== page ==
A Missed Opportunity

I knew from the beginning of development on Another Star how I would apply the theme of “minimalism” to the game’s story, gameplay, and graphics. But what I never was sure on was how to approach the music with minimalism in mind. Just like with the graphics, I didn’t want “minimalism” to just mean “simplistic”.

In the beginning, when the project was meant to be nothing more than a Ludum Dare entry, I decided that, to be minimalist, the game should only have 8 music tracks total. When the game became a full-fledged project I bumped that up to 16 to accommodate the longer story.

But it gets pretty boring to listening to the same few tracks over and over again in a game as long as Another Star. Even thought the game has only 256 tiles for its graphics, they’re combined and used in so many different ways that it stays fairly fresh. I wasn’t sure how to do that with the music, so I kept adding more and more unique tunes. In the first beta alone there were about 30 music tracks total, and a few more will even be added to that for the final tally (at this point I’m considering giving every dungeon its own unique music track).

So my next idea was to apply the “limited tile” concept to music by replacing the NES style chiptunes I was originally using and recreating them using a limited set of low-fidelity instrument samples. It sounded kind of neat, but it didn’t fit the feel of an 8-bit console game. Consoles wouldn’t use PCM instrument samples until much later, with the Super Nintendo’s S-SMP audio chip. (Sure, there was the Amiga’s Paula sound chip which gave birth to the modular music format, but that was a fairly expensive 16/32-bit computer system.) Finally, I just gave up and went with the Japanese Master System inspired YM2413 style that’s going to be in the final game.

It wasn’t until recently that it hit me what I had been doing wrong. The correct way to apply the theme of minimalism wasn’t to limit the number of instruments, channels, or tracks, but to limit the number of themes. I was purposely trying not to reuse leitmotifs in the soundtrack when that was exactly what I should have been doing. I should have come up with a handful of themes (maybe eight or so), and just used them over and over again in new and different ways. The soundtrack of Super Mario World is an excellent example of this. Every single level in the game uses the same music theme, from the sunny plains to the dark castles. But the plains play it fast and upbeat, while the castles play it in a minor key with lots of timpani and staccato strings thrown in.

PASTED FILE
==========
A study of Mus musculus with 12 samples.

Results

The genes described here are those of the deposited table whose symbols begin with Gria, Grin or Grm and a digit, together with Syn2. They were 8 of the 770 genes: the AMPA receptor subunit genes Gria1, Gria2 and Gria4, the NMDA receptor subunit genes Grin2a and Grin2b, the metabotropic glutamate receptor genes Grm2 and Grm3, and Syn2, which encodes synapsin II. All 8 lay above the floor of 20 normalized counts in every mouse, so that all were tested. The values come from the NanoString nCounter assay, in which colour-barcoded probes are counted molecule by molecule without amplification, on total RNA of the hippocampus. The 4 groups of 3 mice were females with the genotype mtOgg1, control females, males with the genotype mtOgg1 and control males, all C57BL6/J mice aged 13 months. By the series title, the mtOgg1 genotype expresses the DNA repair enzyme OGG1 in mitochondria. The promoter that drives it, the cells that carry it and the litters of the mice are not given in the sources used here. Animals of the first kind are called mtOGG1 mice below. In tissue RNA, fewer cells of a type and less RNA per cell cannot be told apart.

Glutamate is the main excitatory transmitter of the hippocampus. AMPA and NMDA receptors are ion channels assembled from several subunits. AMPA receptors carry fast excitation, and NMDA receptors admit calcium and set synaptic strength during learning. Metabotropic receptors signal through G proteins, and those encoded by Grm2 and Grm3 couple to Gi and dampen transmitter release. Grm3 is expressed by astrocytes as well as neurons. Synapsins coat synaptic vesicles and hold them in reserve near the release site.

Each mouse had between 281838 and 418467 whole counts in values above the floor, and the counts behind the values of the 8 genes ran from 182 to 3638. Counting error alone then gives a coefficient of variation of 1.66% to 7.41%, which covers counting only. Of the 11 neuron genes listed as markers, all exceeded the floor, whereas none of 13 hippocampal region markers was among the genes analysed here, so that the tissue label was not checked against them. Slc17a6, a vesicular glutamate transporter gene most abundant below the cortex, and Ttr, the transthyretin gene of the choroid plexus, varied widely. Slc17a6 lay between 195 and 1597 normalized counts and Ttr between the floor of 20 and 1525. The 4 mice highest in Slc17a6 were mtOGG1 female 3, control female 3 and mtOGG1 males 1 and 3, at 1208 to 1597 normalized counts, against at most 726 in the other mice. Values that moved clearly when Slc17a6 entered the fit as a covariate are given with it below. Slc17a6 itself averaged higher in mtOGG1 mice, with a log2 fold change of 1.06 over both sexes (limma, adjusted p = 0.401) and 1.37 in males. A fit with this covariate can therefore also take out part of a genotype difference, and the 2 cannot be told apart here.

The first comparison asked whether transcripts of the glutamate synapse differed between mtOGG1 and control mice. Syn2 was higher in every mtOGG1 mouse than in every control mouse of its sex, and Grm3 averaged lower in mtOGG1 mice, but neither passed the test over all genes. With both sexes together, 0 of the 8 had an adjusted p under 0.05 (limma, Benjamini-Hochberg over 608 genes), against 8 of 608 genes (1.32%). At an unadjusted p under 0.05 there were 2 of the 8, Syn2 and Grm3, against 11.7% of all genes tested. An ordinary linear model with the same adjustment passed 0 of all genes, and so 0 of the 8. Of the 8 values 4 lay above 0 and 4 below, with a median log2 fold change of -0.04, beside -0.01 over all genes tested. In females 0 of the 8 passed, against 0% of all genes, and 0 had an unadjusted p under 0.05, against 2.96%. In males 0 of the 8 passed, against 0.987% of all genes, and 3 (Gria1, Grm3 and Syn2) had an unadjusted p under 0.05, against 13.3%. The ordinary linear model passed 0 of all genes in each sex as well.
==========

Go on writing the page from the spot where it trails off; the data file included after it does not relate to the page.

Alas, by this point most of the music in the game was already done and it’s a little late to throw it all out. Oh well. It’s odd how something I normally gravitate towards but had avoided for so long was the direction I should have gone. I’ll have to be more careful in the future.

3 thoughts on “A Missed Opportunity

  1. I think the whole idea of “minimalism” comes from the problem that (particularly) indie developers often start making a game and then giving up on it / losing interest before ever finishing it. In this sense minimalistic planning is a big help. But I see it more of a “get away from the idea to make THE epic RPG and rather try to design something short and clever” and NOT as something along the lines of “I put a limit X and then I won’t exceed X”.

    Especially if you do ENJOY creating music and graphics, there shouldn’t really be something limiting you. You won’t lose interest on a project as long as you enjoy it after all.

    Of course it still needs some planning ahead, because if you just make the game without thinking ahead, end up with 300 monsters and then at the 150th monster sprite you suddenly getting tired of drawing monsters then that’s a problem and you probably had been better off making the game shorter so that 150 monster sprites would have been sufficient.

    With music I see it quite similar. If you make many dungeons, you want different music for each dungeon or else it will start sound repetitive. If the game is long you might even want to switch the main battle theme every 20 hours or so. But it might end up requiring more different tunes than you actually enjoy doing, ending up with either something very repetitive or another dropped project.

    But as you can see, the limit isn’t with how many sounds and graphics you want to do, the limit is with how big you plan the game and if you are able to enjoy developing it from start to end at the planned proportions.

    1. When the 26th Ludum Dare kicked off with the theme “minimalism”, most people chose to interpret it as “use as few simple-looking things as possible”. Although my 256-tile limit sort of fits into that rut, part of my goal was to follow one of the traditional philosophies of minimalism in architecture, which was “find as many uses for one element as possible”. This is why a lot of sprites in Another Star use the same tiles, but arranged in a different way. (For example, the logo on the title screen uses the cave exit sprite’s tiles.)

      This idea of reusing leitmotifs and themes in the soundtrack would have been a lot of fun; I usually gravitate towards it when composing anyway. It would have been neat if each dungeon used the same basic melody, but arranged completely differently. A really sad and slow version here, a jazzy upbeat version there, and so on. In fact, knowing me, the game might have ended up with even more music than it has now just because I like reusing musical themes across a soundtrack!